Meet Cassia. She’s one of my best friends. We have a lot in common including breathy laughs, boring conversation starters (including window cleaning, cats and politics) and we both DO NOT find Jackass movies funny. Yep – you read it right (ground breaking, I know). We do have our differences, however. For example, Cassia is in the small percentage of Australians who have coeliac disease. I am in the large percentage that doesn’t.
When people with coeliac disease consume gluten, an abnormal immune reaction occurs causing inflammation and damage to the small bowel lining. This impairs absorption of nutrients and can lead to a wide range of symptoms and medical complications1 (so I’ve been told..).
Aside from having some faint memories of stealing Cassia’s gluten-free pretzels at lunch time during school and them being strangely addictive, I’ve never really known too much about the disease. So I did some investigation!
One in 100 Australians have the disease.
80% of Australians remain undiagnosed.
Symptoms include lethargy, anaemia, nutrient deficiencies, loss of fertility, arthritis and type 1 diabetes.
People are generally born with the disease.
As Cassia is a member of the Coeliac Society (lol), we got discounted entry in to the Melbourne Gluten Free Expo so we had began the day on a high! We made a beeline for the hot jam doughnuts I had heard so much about, and they did not disappoint! They were delicious and didn’t taste much different from the regular kind, same with the bread samples. According to Cassia, these have made a big improvement compared to what they used to be. The chocolate eclairs however (aside from the cream of course) weren’t that great. Safe to say gluten-free pastry has a long way to go still. I also tried gluten free beer, brownies, cereal, pasta, chips and other various gluten free things that I didn’t even know usually contained gluten. It was all very educational, and most importantly tasty!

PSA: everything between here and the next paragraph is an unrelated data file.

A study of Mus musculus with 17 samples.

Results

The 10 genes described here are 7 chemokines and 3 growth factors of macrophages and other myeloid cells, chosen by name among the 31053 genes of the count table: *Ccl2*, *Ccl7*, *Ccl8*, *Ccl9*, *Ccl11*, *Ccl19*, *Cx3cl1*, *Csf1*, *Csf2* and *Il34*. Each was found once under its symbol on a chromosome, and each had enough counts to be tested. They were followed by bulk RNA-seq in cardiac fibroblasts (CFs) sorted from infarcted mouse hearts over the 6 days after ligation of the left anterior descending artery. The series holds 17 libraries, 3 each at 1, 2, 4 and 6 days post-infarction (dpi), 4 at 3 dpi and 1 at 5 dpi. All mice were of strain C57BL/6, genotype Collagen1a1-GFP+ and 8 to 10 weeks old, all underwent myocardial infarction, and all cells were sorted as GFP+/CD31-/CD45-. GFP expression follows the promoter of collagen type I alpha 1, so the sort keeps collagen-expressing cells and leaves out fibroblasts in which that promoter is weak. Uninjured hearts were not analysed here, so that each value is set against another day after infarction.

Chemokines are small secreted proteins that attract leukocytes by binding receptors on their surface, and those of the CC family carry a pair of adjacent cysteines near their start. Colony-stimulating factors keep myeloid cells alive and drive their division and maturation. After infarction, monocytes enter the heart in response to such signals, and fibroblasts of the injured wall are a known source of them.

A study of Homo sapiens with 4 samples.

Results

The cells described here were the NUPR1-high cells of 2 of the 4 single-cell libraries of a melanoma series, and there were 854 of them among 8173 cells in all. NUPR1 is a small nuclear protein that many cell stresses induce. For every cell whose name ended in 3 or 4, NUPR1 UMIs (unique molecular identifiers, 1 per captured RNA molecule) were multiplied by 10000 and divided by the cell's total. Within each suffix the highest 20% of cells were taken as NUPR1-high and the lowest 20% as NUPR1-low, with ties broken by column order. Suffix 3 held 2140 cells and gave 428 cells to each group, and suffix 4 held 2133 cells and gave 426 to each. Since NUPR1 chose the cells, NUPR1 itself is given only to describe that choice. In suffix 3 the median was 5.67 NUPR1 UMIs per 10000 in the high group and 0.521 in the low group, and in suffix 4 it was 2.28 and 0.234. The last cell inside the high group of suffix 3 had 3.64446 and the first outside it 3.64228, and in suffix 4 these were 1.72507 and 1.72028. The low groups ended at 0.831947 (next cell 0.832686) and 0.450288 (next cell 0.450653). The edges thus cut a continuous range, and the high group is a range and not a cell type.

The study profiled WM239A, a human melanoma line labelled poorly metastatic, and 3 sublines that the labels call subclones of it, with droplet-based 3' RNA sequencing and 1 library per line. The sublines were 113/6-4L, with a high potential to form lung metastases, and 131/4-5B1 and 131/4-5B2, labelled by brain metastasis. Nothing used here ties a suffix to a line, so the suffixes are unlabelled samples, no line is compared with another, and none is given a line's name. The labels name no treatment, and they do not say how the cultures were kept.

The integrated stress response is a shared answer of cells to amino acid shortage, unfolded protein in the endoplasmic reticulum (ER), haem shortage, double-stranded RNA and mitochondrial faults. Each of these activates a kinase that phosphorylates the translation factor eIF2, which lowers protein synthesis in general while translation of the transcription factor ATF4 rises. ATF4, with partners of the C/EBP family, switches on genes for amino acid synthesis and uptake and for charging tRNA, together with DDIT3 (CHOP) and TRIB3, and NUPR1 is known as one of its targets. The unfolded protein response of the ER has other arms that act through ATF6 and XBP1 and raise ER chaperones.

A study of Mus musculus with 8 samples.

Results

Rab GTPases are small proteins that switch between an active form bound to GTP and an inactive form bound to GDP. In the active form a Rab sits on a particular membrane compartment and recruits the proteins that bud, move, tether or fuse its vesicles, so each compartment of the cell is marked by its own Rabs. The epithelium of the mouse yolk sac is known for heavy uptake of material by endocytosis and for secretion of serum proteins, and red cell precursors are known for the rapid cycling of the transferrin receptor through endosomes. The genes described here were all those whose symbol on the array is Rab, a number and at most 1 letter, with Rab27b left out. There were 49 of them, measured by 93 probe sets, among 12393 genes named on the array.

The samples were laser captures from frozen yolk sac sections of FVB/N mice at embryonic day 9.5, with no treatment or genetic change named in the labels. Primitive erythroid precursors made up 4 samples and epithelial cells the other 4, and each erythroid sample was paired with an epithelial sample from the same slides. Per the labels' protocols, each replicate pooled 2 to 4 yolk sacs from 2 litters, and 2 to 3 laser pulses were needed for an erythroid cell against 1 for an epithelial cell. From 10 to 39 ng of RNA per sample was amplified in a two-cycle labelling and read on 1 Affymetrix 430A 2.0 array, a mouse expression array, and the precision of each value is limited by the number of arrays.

10% of Australians are currently following a strict or significantly reduced gluten diet.
This is 10 times greater than the total number of Australians thought to have coeliac disease.
The gluten-free industry is booming with a global market estimated to make US$4 billion over the next few years.
I am ALL about fads so I’m by no means hatin’ on anyone who’s adopted the gluten-free approach. Speaking to Cassia about this however, I did find it interesting that gluten-free diets aren’t actually recommended to everyone as there’s minimal evidence that people without the disease will get any benefits. I guess though with beautiful people like Gwyneth Paltrow endorsing gluten free diets, it’s bound to take off. As they say, each to their own.
It was a very fattening, interesting and delicious experience but I have to say I’m grateful I don’t have the disease. From what Cassia says, the food can still be a bit hit and miss and quite often expensive. But good on the gluten free society for being so cute and welcoming. And thanks to Cassia for showing me the ropes and letting me blog about her!
1. Everything you need to know about coeliac disease (and whether you really have it), The Conversation.